The epic search, now in its third year, has all the hallmarks of the soap opera genre: dramatic plot twists, evil villains, even a parade of new characters.

The latest character to be introduced to the audience could be considered the long-lost cousin of one of the main characters. Here’s the backstory.

Providence St. Joseph, a Catholic healthcare provider that operates Petaluma’s publicly-owned hospital, has proposed its secular branch to take over operations at PVH. Western HealthConnect was formed in 2012 to operate the company’s non-Catholic hospitals in Washington.

The company would likely need to form a California subsidiary of Western HealthConnect to run Petaluma Valley, but it appears this is the latest workaround to the conflict of secular and religious healthcare priorities. Some further background.

St. Joseph has operated Petaluma Valley since 1997 on a 20-year lease that expired in 2017. In the run-up to the lease expiring, the Petaluma Health Care District, which owns the hospital, negotiated with St. Joseph to renew the lease. St. Joseph, meanwhile, combined with Providence in 2016 and informed the health care district that it would no longer offer some female reproductive services, including tubal ligations, a form of sterilization.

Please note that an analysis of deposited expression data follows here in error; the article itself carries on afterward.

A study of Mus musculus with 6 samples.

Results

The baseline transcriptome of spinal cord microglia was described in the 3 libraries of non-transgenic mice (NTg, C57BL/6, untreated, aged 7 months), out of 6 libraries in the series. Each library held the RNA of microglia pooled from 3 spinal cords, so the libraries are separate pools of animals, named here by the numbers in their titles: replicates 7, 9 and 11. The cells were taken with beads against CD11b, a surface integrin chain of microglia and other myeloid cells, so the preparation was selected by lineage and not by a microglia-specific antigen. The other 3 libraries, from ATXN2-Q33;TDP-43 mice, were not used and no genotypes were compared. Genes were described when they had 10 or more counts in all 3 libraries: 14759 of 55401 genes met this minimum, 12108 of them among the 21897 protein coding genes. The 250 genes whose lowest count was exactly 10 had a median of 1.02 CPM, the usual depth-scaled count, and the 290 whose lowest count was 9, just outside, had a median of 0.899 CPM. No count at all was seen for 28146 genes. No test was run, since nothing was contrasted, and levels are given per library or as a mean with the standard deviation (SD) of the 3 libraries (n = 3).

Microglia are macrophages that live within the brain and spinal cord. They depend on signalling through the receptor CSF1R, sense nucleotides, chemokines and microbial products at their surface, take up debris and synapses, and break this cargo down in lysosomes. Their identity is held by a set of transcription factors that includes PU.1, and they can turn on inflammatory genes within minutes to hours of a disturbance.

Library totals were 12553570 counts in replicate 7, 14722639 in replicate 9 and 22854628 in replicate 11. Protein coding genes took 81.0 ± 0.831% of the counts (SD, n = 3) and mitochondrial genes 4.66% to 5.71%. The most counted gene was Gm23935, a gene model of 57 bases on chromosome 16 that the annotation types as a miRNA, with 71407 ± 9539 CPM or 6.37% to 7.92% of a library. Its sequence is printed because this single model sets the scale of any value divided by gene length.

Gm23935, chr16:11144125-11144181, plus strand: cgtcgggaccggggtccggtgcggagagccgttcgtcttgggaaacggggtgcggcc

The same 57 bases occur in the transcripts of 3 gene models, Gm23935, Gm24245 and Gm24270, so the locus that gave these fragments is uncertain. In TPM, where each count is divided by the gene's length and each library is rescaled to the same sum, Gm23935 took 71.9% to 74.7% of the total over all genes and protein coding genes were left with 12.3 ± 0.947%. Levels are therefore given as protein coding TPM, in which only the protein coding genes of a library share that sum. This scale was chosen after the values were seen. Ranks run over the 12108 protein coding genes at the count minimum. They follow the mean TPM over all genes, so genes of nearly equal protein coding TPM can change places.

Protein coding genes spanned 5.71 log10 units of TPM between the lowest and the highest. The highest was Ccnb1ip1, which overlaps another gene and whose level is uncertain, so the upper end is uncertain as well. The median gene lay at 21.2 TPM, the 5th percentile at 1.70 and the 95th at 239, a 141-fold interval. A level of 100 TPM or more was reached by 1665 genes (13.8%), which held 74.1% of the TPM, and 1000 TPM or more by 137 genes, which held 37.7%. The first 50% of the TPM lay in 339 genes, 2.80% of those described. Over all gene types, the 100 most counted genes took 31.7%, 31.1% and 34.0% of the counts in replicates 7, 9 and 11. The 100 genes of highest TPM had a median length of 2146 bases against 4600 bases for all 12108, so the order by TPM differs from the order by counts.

That turned out to be a major sticking point as a public hospital should not take medical directives from the Vatican.

The health care district and St. Joseph broke off negotiations and the district went looking for suitors. But instead of Prince Charming, it found a handful of scrubs, and not the kind nurses wear.

Southern California-based Paladin Healthcare was the best of the lot, but they were unable to invest in a pricey electronic medical record system and broke off the courtship.

So, the ball went back to Providence St. Joseph, which by this time was seeking to form a new company with Adventist Health to run the two companies’ Northern California hospitals.

The Adventist deal would have kept all current services at Petaluma Valley Hospital, but the villainous Attorney General Xavier Becerra denied the merger (probably with an evil laugh while curling a handlebar mustache.)

Forlorn, the health care district was right back where it started as St. Joseph began a third year as interim operator since its lease expired. Enter the mysterious cousin from two states over.

Western HealthConnect seems to have been an innovative solution to marry secular and Catholic healthcare entities in Washington state. It was first formed in 2012 when Providence acquired Swedish Health Services, a large Seattle-based healthcare company, and was later expanded when Pacific Medical Centers, also in the Seattle area, joined Western HealthConnect two years later.

While there are many unanswered questions with this latest proposal (What are Western HealthConnect’s secular hospitals like? How difficult would it be to expand the operation to California?) it is certainly worth studying.

The health care district is currently doing its due diligence, and it hired a consultant to look into it. The hospital needs a longterm operator that can provide some stability, negotiate new contracts with employees and make capital investments in the aging facility.

Will Western HealthConnect be the one to sweep Petaluma Valley off its feet? Find out next time on “As the Hospital Turns” (because “General Hospital” was already taken).